December 10, 2019

Moving and shaking: Temple Ner Simcha commemorates Paris victims; OUR HOUSE gala and more

Trans-denominational synagogue Temple Ner Simcha in Agoura Hills held a ceremony Nov. 16 to commemorate the victims of the Paris terrorist attacks, which took place three days prior.

Temple Ner Simcha Rabbi Michael Barclay (center) leads a prayer service to honor the victims of the Paris attack. Clergy leaders joining him include (from left) Ner Simcha Cantor Paul Dorman, the Rev. Gary Alan Dickey, Decon Vahan Manoogian, Sue Rubin, Elder Craig Nielson, Bishop Garry Pace, Pastor Zak Shellabarger and the Rev. Steve Herder. Photo courtesy of Temple Ner Simcha

“I think it’s extremely meaningful for us to pray as Jews with people of other faiths,” Rabbi Michael Barclay said in a phone interview with regard to his synagogue’s gathering, which featured a variety of Conejo Valley faith leaders and drew a crowd of approximately 150 people.

Additional participants in the event included the shul’s Cantor Paul Dorman; the Rev. Gary Alan Dickey of United Methodist Church of Westlake Village; Western Diocese of the Armenian Church Deacon Vahan Manoogian; Religious Science leader Sue Rubin; and Church of Jesus Christ of Latter-day Saints Elder Craig Nielson

The event featured a PowerPoint presentation showing photographs of a majority of victims of the attack, which killed at least 130 people and wounded more than 350.

Ner Simcha, which has approximately 500 member units, was one of several institutions across Los Angeles to hold a commemorative ceremony in the wake of the Paris attacks. A gathering for the victims also took place at Los Angeles City Hall, on Nov. 17. Mayor Eric Garcetti and Consul General of France in Los Angeles Christophe Lemoine were among those in attendance, according to the mayor’s office.

The OUR HOUSE grief support center’s 2015 House of Hope gala took place Nov. 14 underneath the Space Shuttle Endeavour at the California Science Center, raising more than $500,000 for the organization’s adult and children’s grief support programs. It also honored board member and former OUR HOUSE treasurer Todd Gilman with the Founder’s Award, according to OUR HOUSE spokeswoman Lucia Singer.

The “no tie, yes jeans” gathering drew approximately 500 casually dressed attendees, including Melissa Rivers, 2013 House of Hope honoree and daughter of the late comedian Joan Rivers; OUR HOUSE Executive Director Michele Prince; OUR HOUSE Board Chairman Jory Feldman and the honoree’s wife, Terry.

A screening of the IMAX film “Hubble 3D” followed the awards ceremony, along with a Q-and-A with Toni Myers, the film’s producer and director. The evening also included a brief tribute to the victims of the Nov. 13 terrorist attack in Paris.

OUR HOUSE is a nonsectarian grief support center with Jewish roots that serves 9,000 people each year. It was founded by Jo-Ann Lautman in 1993 and has offices in West Los Angeles and Woodland Hills, as well as satellite services.

The Max Factor Family Foundation (MFFF) announced it is awarding a $50,000 grant to Chai Lifeline’s i-Shine Los Angeles initiative, an afterschool program that offers support, mentorship and Jewish experiences for schoolchildren whose siblings or parents are seriously ill.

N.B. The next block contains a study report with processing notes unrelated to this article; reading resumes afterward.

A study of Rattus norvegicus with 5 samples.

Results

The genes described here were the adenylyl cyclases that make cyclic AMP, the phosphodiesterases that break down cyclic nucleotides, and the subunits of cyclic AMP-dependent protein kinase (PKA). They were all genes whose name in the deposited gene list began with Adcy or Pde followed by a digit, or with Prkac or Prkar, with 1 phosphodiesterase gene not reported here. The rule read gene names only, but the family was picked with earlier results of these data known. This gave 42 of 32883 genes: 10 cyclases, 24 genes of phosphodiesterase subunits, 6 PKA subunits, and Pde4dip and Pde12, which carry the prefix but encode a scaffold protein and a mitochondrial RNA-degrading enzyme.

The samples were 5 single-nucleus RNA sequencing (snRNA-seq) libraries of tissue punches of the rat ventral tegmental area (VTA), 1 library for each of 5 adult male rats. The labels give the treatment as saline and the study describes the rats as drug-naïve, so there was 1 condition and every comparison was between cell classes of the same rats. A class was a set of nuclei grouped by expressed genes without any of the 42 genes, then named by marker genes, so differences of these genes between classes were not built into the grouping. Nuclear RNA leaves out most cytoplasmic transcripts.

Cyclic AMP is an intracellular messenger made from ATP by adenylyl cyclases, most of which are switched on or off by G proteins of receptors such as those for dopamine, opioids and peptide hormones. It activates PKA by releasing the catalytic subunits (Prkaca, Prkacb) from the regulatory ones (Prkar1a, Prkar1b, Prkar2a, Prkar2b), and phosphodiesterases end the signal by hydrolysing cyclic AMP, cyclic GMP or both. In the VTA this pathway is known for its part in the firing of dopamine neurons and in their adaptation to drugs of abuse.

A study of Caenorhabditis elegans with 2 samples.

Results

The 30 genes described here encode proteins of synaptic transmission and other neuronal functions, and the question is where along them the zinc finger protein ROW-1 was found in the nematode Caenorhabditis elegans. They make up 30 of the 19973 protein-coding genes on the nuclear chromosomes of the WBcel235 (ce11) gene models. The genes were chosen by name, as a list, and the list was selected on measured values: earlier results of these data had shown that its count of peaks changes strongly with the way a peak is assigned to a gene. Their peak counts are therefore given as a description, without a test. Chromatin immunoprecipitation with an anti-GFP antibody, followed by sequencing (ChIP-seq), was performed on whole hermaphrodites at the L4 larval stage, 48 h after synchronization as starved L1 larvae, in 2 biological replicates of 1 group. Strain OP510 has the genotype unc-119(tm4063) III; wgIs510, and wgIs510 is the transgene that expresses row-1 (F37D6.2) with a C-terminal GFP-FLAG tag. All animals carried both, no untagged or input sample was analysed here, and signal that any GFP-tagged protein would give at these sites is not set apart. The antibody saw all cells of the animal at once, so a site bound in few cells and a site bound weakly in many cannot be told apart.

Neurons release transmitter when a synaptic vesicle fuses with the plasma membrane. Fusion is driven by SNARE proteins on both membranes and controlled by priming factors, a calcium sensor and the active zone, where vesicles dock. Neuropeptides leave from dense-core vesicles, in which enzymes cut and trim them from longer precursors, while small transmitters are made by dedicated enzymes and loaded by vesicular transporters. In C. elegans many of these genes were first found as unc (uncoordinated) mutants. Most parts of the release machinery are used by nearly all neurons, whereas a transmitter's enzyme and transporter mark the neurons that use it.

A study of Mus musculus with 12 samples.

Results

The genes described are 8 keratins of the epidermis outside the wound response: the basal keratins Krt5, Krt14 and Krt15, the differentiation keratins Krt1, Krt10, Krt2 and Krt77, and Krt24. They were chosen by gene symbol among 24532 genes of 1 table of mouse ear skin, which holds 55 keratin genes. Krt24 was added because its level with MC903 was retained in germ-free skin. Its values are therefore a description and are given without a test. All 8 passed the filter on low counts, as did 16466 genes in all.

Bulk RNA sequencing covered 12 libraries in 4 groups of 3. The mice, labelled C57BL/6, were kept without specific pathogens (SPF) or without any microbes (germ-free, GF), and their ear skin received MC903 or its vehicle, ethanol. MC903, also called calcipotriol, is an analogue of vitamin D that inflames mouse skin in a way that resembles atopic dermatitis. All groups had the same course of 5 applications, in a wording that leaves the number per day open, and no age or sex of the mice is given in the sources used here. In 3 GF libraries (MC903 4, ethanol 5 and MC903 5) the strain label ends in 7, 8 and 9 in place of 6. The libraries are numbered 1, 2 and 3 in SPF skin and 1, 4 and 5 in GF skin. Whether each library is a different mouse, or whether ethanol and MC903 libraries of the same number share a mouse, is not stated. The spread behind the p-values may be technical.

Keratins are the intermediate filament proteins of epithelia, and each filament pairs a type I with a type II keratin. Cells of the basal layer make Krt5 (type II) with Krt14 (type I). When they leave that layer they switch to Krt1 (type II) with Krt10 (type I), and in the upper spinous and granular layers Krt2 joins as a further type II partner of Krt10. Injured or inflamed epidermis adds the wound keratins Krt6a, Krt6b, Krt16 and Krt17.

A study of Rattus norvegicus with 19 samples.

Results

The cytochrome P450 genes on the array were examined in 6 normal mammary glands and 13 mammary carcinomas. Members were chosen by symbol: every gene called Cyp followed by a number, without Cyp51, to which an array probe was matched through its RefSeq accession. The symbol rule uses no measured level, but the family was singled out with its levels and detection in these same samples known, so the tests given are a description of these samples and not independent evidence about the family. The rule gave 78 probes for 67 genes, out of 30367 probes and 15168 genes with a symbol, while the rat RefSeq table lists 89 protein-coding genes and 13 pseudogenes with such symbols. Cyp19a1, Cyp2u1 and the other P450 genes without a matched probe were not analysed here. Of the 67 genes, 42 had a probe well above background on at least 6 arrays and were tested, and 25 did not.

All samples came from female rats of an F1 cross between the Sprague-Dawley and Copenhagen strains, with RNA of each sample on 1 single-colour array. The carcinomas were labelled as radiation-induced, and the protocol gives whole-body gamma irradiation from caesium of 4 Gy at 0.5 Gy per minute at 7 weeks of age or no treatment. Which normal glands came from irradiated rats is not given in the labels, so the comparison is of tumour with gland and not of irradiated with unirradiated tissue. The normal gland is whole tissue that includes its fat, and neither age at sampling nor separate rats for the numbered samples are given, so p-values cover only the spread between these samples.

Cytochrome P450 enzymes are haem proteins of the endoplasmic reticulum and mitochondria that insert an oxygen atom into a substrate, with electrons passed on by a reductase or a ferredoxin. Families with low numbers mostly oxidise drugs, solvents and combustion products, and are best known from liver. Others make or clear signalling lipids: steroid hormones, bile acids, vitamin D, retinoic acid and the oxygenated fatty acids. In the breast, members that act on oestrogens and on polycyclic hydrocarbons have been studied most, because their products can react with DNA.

“At our meeting, several members spoke about how providing support to the healthy children of a family in crises can mitigate the long-term effects of trauma, rippling out into that individual’s current and future lives, and even one day to their own families and children. In short, i-Shine’s mission resonated powerfully with our own life experiences,” MFFF trustee Jenny Factor said in a Nov. 17 statement.

The grant will build upon a three-year, $200,000 grant recently awarded to the Chai Lifeline program by the Jewish Community Foundation of Los Angeles.

“We are honored by the Max Factor Family Foundation’s demonstration of confidence, choosing to leverage our Cutting Edge Grant to i-Shine through additional collaborative funding of its own, as well as its stated commitment to similarly fund an additional program each year,” said Marvin Schotland, the foundation’s president and CEO. “Working together offers the potential of a ‘multiplier effect’ — making our foundation’s grant even more meaningful while increasing the prospect for success of the initiative.”

California State Assembly Speaker Emeritus John Perez demonstrated strong support for Israel during a discussion at Congregation Kol Ami on Nov. 12 with the Reform synagogue’s Rabbi Denise Eger.

California State Assembly Speaker Emeritus John Perez and Congregation Kol Ami Rabbi Denise Eger discuss Jewish-Latino relations, the Boycott, Divestment and Sanctions movement and more. Photo by Ryan Torok

Among other things, the current member of the University of California Board of Regents denounced the Boycott, Divestment and Sanctions (BDS) movement against Israel.

“Academia is increasingly adapting a BDS mentality … an absolute affront to academic freedom,” Perez said, addressing an audience of about 20 people at the LGBT synagogue in West Hollywood.

Perez and Eger also discussed local dialogue between Latino and Jewish communities. “I think the history of the relationships is strong,” Perez said, citing the work of The Jewish Federation of Greater Los Angeles toward creating inroads between the Jewish and Latino communities here in Los Angeles. He also spotlighted the work of the Consulate General of Israel in Los Angeles, which organizes the annual community event Fiesta Shalom. That event took place this year on Nov. 23 at Tamayo Restaurant and Art Gallery in East Los Angeles.

What’s next for Perez, whose term as Assembly speaker ended in 2014? He said he might consider running for Congress.

The event was part of “Conversations With Rabbi Eger,” an ongoing series.